SAN DIEGO - NOVEMBER 22:  Quarterback Kyle Orton #8 of the Denver Broncos throws a fourth quarter touchdown pass against the San Diego Chargers at Qualcomm Stadium on November 22, 2010 in San Diego, California.  (Photo by Stephen Dunn/Getty Images)
Stephen Dunn/Getty Images
Aaron YoungCorrespondent IIIJune 3, 2015

It is fully understandable that the Miami Dolphins would like an upgrade over fourth-year player Chad Henne. He had a dismal season in 2010 to say the least, and the Dolphins feel like they could be contenders if they only had a better quarterback.

According to numerous reports all around the internet, Kyle Orton appears to be Miami’s top target. Many people feel like Orton would be an immediate upgrade over Henne, and it seems as if the deal will go down within this week.

Also, Brandon Marshall will be very pleased if the deal actually goes down, considering that he caught 10 touchdown passes in 2009 while Orton was throwing him the ball.

Unfortunately for the Dolphins, not everything concerning Orton looks quite that bright.

If the trade goes down between the two teams, Kyle Orton will be moving to a different town, but the scenario will be a lot similar to the one he would have just left in Denver. Just like in Denver, Miami’s running game was ineffective in 2010.

The Dolphins seem to have interest in acquiring Ahmad Bradshaw. However, the shifty running back has apparently been offered a new contract by the New York Giants, and since he has stated several times that he would love to keep teaming up with Brandon Jacobs, it might appear that he’ll be out of reach for Miami.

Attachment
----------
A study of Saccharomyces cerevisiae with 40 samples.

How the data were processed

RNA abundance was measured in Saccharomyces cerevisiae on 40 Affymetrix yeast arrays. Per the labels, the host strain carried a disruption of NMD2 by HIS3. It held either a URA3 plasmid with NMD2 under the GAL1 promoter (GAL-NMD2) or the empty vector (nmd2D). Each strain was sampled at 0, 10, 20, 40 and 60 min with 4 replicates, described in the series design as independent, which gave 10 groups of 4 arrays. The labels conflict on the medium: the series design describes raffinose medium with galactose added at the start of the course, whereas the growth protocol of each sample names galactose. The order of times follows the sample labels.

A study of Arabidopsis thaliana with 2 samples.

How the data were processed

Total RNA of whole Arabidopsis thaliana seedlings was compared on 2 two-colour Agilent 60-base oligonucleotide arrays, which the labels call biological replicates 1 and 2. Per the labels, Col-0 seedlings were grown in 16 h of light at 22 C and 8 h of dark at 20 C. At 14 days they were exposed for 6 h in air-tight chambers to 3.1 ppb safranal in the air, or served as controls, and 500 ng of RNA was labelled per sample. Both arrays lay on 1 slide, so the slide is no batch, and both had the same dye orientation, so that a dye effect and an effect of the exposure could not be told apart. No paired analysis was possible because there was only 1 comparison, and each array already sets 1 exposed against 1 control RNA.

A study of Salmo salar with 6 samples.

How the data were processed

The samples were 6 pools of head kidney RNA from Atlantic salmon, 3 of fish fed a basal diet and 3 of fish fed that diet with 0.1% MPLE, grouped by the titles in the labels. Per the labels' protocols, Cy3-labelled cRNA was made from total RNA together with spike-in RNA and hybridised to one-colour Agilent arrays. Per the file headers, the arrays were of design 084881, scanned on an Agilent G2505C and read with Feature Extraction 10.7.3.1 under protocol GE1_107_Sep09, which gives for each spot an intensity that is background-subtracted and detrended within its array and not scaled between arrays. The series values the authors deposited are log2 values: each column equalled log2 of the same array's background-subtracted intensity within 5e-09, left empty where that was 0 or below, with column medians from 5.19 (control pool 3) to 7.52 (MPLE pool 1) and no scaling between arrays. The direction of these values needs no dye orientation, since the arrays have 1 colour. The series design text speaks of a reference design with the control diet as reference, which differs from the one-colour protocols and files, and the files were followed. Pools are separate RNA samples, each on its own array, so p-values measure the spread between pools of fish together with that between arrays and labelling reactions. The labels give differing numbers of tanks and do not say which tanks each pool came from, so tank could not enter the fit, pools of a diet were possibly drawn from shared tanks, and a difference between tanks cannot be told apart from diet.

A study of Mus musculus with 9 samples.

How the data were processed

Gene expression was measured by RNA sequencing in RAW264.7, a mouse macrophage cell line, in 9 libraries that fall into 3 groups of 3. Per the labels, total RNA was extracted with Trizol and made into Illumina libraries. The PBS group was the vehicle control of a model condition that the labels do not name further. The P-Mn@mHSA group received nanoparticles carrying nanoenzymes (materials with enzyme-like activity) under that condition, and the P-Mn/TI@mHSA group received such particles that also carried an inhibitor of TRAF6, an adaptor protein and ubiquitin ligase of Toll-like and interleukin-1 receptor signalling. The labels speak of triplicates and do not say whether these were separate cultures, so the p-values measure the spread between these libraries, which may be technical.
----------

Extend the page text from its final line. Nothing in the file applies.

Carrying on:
Without Bradshaw, we don’t see any reason why the Dolphins’ running game will improve much in 2011, even if injury-prone Ronnie Brown does resign. Reggie Bush has shown that he will not be an every down back in the NFL – and Kyle Orton has shown that he cannot carry a team without a running game despite having great receivers.

The numbers speak for themselves. Some people might point to the fact that Orton threw for a bunch of yards in 2010. However, that number is greatly inflated considering that the Broncos often fell behind.

Inside the opponent’s 20-yard line, Orton completed a weak 43.3 percent of his passes. Unfortunately, it doesn’t stop there. He completed only 50 percent of his passes on third downs. His completion percentage was also 50 when Denver was down by eight points or less in the fourth quarter.

In comparison, Chad Henne completed 56.5 percent of his passes inside the opponent’s 20-yard line and 58.6 percent during the fourth quarter. It’s said that quarterbacks are measured based upon how they perform in crucial situations.

As the numbers will tell you, neither Orton nor Henne perform well in these situations. Therefore, Orton will not be the savior that Miami are looking for to take the team to the Super Bowl. Actually, there is not much difference between Orton and Henne.

Unless the Dolphins can fix its running game, neither Orton nor Henne will ever be more than serviceable starters for the organization.